Final Fantasy VII

Not Good Enough

By LuckyLadybug

Notes: The characters aren't mine and this ficlit is! It was partially inspired by the prompt Our swords shall play the orators for us at 31 Days. There are some mild Crisis Core spoilers here, but nothing beyond what is shown in chapter four. It just occurred to me to wonder about the question of blood types; in order for Sephiroth to have not considered that a reason for rejection, he, Angeal, and Genesis must have all had the same blood type. (I realize the Jenova's cell thing must have been the actual reason behind the rejection, but Seph wouldn't know about that to consider it.) And I have added some dialogue between Seph and Zack that was not in the scene in the game, but I imagine it taking place between scenes nine and ten in chapter four.

"You won't do."

Sephiroth was standing, gazing off into the distance, lost in the memories he had just revealed to Zack.

Even now, after so long, those words still stung. Why had Sephiroth been rejected when he had only wanted to help Genesis? Why was his blood any different than Angeal's? It was the same type. A strange coincidence, but true. There should not have been a problem.

Had Genesis been angry at him? Had Genesis blamed him for his own injury and not wanted anything to do with him? What if he had told that to Hollander?

It should have been a friendly competition. They had engaged in such things often. They had enjoyed setting up challenges, each giving his all to come out the victor. Angeal had always worried that something would go wrong, especially during their swordfights. Both of them unleashed so much power that there was always a good chance of something going amiss and them hurting each other or themselves. They had rarely heeded Angeal's warnings.

This time Genesis had paid for it.

"I want to have a duel with Sephiroth."

It was a harsh choice of words, perhaps. But Genesis had not meant for either of them to die. At least . . . Sephiroth did not think he had. For his part, he had not wanted harm to come to Genesis. They had been friends then, or they had been supposed to be. The way Sephiroth saw it, their battles had been one way they demonstrated their closeness.

But maybe Genesis had not felt the same.

He knew of Genesis's longing to be a hero. He had for some time. Genesis had mentioned it again before they had begun their fight. Had he believed that to triumph over Sephiroth would make him strong enough to be a hero?

Genesis was a troubled soul. Sephiroth knew that, too. There was such a desperation about him, a driving need to be the best. When he had left SOLDIER, he had insisted it was the right thing and that the organization was corrupt. He had convinced a good number of lower-ranked SOLDIERs of that as well. But he had not left for purely noble reasons. He had been angry, too. About what, Sephiroth was not certain.

Which brought him back to his original train of thought. Maybe he had been to blame, at least partially. If he and Genesis had stopped their fight, he would not have been hurt. Yet . . . it was really Genesis's own fault it had happened. Angeal had interrupted them, telling them to stop, and in frustration Genesis had lashed out, causing the weapon to break and slice into his shoulder.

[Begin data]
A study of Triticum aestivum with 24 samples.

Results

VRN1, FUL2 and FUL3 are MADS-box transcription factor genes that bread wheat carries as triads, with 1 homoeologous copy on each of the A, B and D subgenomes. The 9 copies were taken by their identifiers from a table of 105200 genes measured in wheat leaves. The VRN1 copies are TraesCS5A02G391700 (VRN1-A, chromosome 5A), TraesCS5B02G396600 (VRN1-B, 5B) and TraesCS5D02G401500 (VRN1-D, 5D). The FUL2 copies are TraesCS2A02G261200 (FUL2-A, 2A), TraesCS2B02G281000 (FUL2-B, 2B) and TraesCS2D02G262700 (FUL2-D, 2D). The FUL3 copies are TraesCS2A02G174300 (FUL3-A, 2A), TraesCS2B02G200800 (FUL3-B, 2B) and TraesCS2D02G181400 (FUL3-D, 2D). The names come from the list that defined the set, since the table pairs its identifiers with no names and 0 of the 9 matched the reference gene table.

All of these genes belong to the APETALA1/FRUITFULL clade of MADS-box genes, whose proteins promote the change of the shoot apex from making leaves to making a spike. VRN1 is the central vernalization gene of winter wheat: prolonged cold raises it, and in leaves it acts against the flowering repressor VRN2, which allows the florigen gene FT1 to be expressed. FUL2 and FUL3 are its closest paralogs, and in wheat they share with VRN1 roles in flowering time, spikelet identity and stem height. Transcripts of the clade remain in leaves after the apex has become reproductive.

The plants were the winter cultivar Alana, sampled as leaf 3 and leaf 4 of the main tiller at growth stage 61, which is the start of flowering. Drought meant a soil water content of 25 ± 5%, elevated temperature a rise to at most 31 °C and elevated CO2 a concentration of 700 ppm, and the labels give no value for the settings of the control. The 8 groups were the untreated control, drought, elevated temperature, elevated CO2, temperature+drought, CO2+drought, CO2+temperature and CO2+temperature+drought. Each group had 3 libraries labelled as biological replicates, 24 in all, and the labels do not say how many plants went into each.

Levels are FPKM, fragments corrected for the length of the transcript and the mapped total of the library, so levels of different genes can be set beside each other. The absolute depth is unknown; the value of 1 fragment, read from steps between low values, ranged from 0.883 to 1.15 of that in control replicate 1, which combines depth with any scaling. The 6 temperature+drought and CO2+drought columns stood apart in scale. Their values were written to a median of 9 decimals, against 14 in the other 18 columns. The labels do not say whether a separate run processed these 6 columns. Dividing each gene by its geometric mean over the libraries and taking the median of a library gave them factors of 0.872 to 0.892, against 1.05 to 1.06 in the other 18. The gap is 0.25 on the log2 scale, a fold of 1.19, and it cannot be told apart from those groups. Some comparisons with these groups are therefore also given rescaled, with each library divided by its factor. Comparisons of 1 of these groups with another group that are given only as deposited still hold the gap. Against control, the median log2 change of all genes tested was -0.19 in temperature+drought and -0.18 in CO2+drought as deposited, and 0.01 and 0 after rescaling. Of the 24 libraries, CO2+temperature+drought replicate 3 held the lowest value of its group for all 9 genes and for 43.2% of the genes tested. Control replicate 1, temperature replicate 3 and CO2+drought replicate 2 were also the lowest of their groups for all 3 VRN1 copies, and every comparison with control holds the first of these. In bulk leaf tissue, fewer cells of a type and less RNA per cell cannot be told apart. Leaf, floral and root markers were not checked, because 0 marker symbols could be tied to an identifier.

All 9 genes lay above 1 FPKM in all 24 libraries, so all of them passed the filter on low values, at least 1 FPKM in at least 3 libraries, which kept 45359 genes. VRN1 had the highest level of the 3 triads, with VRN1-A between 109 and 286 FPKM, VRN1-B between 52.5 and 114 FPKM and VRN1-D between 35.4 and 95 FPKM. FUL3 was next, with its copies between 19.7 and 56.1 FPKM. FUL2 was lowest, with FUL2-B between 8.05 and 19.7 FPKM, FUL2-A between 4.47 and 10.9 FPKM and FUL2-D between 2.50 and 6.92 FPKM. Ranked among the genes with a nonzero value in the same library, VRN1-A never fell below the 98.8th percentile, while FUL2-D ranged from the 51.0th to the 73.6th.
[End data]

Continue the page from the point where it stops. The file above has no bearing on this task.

And now, what Sephiroth had just learned from these reports was adding a new layer to his feelings of being overwhelmed. Genesis was deteriorating? What did that mean? His mind, and his body, were giving out? Angeal's too?

Did they know? Was that even part of the reason why they had left? Maybe they were seeking a cure. Maybe they thought Hollander had it.

He felt so helpless. He, the one esteemed as Shinra's greatest warrior and hero! But with all of his knowledge and expertise, he was not good enough to save his own friends. His title of hero was so hollow.


He turned, looking to Zack. The newly-promoted SOLDIER First Class was watching him with a mixture of confusion and helplessness of his own. It was obvious from his eyes that he wanted to help Sephiroth, but he did not know how.

And Sephiroth did not know, either.

Awkwardly Zack placed a hand on his shoulder. "I'm sorry," he said, his voice quieting.

Sephiroth gave a wry smirk. "So am I."

Ordinarily he might have recoiled from the physical contact. But it felt comforting now.

". . . What will you do if you have to fight Genesis?"

A shrug. "Then I will have to fight him." The ache in his voice was apparent even to him. He would let Genesis go free if he could, but what if Genesis himself would force a fight? There was no telling what he might do, especially in his condition. His jealousy had assisted in warping his soul.

". . . I'll be here for you, Seph."

Both of them were stunned by that. As Sephiroth turned, shock written on his face, Zack suddenly looked like a deer caught in the headlights. He had not meant to say that last part aloud.

"What did you call me?" Sephiroth said at last.

Zack gave a weak grin. "I feel a lot closer to you than to call you by your full name all the time," he said, rubbing the back of his neck. "It just kinda slipped."

Sephiroth frowned, shaking his head as he turned away. No one would have ever dared to give him a nickname before. And why was he not scolding Zack for doing so? Maybe he just felt too weary. Or maybe he did not feel like berating the already-embarrassed boy. It was so hard to be aggravated with him.

". . . Are you mad?"

"No." Sephiroth knew he meant it. "Just don't call me that again."

"Okay, Seph." Zack's tone turned instantaneously to sheepish alarm. "Man, I'm sorry!"

Why did Sephiroth feel like smirking in genuine amusement for the first time in months?

"Nevermind," was all he said. "Let's finish searching this floor."

He walked off, Zack hurrying to catch up.

It was a nice sound, really---the sound of knowing he was not alone.